Photo by Kimerlee Curyl Photography
Update (March 12, 2016): The Utah legislative session has ended and H.C. R. 22, the resolution aimed at state takeover of management of federally-protected wild horses, has died. It passed the House but did not even come up for a vote in the Senate. The bill has been filed under "House bills that did not pass." Although the resolution was non-binding, it could have given fuel to the efforts of several Utah Congressmen to pass federal legislation to allow states to manage federally-protected wild horse and burro news. Don't expect this setback to stop anti-mustang state legislators from advancing their plan to manage our cherished wild horses and burros as a "protein resource" to be "harvested" (slaughtered). The issue is sure to resurface during the next legislative session in Utah, and potentially at the federal level as well.
(March 8, 2017) A war is being waged over the future of our public lands, and America’s wild horses and burros are caught in the crossfire. Leading the charge for state control of federal lands, Utah legislators have developed a two-prong strategy to take over management of the nation’s wild horse and burro herds with little regard to long-established federal law.
Central to this battle in Utah is two beliefs – that the Bureau of Land Management (BML) is not controlling wild horses on public range lands and that wild horses can play a vital role in alleviating world hunger… Yes, you read that right…world hunger!
Last month, Rep. Ken Ivory (R-West Jordan) introduced H.C.R. 22 to the House Natural Resources, Agriculture and Environmental Quality Committee. The resolution demands that the federal government either "control" wild horse herd population growth or repeal the Wild Free-Roaming Horse and Burro Act of 1971 and “grant authority and resources to the states” to manage wild horses and burros in their jurisdiction. Additionally, it insists that all means under the Act be used to reduce the numbers of wild horses, “including lethal removal if necessary.”
Around the same time, during a Natural Resources, Agriculture, and Environmental Quality Appropriations Subcommittee meeting, Rep. Keven Stratton (R-Orem) asked for $1.1 million from the state to control wild horse population by largely “harvesting” them as a “protein source.”
Currently, Congress prohibits the BLM from selling wild horses and burros protected under the Wild Free Roaming Horses and Burros Act for slaughter. However, state control of wild horse management would open the door to slaughter of these American icons to supply foreign markets for horsemeat. Since Congress currently prohibits USDA inspections of horsemeat in the U.S. (without which horses cannot be slaughtered for human consumption), Utah also aims to conduct its own horsemeat inspections.
Undaunted by the fact that his proposals violate two federal laws, Rep. Stratton justified his bizzare plan by cliaming that wild horses are “suffering” and in poor condition. His supporters even held up a picture of a starving horse – in Nevada, apparently unable to produce a picture of a starving horse in Utah to support their plan to "help" wild horses by slaughtering them.
Rep. Stratton also contradicted this claim in his conclusion, in which he proclaimed, “ There’s health and vitality in those herds,” before getting to the real reason behind the push for state management – slaughter. He stated, “…it just doesn’t make sense, literally, when we have the need for animal protein throughout the world, and we have the protein that can sustain life here available.”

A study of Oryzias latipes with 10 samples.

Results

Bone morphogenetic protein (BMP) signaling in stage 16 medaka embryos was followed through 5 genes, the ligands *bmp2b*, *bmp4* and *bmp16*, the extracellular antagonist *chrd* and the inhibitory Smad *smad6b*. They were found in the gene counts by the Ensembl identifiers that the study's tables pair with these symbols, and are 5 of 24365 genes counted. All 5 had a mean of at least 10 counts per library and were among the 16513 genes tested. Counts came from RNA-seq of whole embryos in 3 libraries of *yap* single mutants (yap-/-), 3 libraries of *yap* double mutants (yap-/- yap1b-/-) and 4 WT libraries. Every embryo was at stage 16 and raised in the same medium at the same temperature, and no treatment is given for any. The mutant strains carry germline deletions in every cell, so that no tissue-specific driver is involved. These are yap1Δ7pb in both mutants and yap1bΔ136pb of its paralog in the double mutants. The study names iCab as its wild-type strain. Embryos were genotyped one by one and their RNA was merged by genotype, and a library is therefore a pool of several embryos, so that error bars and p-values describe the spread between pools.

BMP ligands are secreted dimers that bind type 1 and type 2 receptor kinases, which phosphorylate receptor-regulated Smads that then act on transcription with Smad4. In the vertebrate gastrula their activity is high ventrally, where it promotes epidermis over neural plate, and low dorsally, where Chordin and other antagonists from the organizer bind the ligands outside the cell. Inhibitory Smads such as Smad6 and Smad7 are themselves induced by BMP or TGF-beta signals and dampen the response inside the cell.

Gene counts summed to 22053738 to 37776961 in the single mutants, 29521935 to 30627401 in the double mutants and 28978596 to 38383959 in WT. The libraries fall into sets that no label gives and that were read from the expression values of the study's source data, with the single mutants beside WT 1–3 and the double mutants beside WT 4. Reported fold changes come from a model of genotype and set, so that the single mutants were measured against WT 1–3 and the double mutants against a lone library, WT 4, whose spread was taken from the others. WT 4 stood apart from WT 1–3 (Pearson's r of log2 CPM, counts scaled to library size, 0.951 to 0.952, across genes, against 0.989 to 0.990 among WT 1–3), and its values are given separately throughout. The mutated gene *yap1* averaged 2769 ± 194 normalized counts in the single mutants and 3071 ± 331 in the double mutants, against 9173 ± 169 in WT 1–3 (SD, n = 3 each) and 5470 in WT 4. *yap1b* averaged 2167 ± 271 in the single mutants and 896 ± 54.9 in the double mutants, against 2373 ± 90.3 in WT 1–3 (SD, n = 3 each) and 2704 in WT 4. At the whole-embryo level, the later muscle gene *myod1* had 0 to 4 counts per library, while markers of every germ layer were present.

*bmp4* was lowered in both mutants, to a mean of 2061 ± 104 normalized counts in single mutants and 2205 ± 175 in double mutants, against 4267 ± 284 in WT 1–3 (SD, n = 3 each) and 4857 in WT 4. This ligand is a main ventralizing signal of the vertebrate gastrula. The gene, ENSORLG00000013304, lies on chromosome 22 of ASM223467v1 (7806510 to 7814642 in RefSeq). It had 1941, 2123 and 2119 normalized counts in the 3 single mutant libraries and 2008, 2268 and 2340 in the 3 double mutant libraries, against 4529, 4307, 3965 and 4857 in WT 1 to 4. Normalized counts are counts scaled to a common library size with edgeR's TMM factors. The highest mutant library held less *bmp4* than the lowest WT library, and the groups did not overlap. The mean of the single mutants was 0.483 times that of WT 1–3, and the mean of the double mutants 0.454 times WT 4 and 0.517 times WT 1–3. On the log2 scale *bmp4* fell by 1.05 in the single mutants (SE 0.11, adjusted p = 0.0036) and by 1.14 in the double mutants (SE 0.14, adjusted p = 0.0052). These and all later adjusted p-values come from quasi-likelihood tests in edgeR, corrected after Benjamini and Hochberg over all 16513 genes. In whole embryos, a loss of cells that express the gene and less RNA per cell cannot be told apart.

Rep. Stratton’s plan has one small problem: it’s wildly out of touch with the vast majority of Americans, who view wild horses and burros as national symbols of freedom, not a “protein source” to feed people overseas. In fact, 80 percent of Americans, including 83 percent of Westerners oppose the cruel practice of horse slaughter.
Unfortunately, some federal legislators from Utah are also lining up against wild horses. U.S. Rep. Rob Bishop (1st District, Utah) contends that wild horses are destroying the public rangeland because of the shape of their hooves, which unlike cow hooves, compact soil and inhibit plant growth. There’s as much validity to that claim as there is to Rep. Stratton’s contention that slaughtering wild horses in Utah would somehow solve the problem of world hunger. But Utah lawmakers seem determined to not let facts stand in their way.
The BLM in Utah has 19 herd management areas on nearly 2.5 million acres that support 1,956 wild horses and burros. According to conservative estimates, cattle graze 10 times more public lands in Utah than wild horses and outnumber them by 30-1. Among the Utah wild horses is a nationally recognized herd that draws its bloodlines directly from old Colonial Spanish horses.
Utah legislators are treading on dangerous ground. State control would spell the end for America’s wild horses and burros, who would be managed like livestock -- rounded up and harvested for slaughter . This would be a radical overturning of the will of the American people and a decimation of the law – passed unanimously by Congress – to protect these animals as “living symbols of the historic and pioneer spirit of the West.” For this reason, while the Utah proposal may pass the state legislature, it is unlikely to get traction at the federal level.
AWHC Note: This week, the “Concurrent Resolution on Wild Horses and Burros” passed the Utah House of Representatives and has moved on to the State Senate.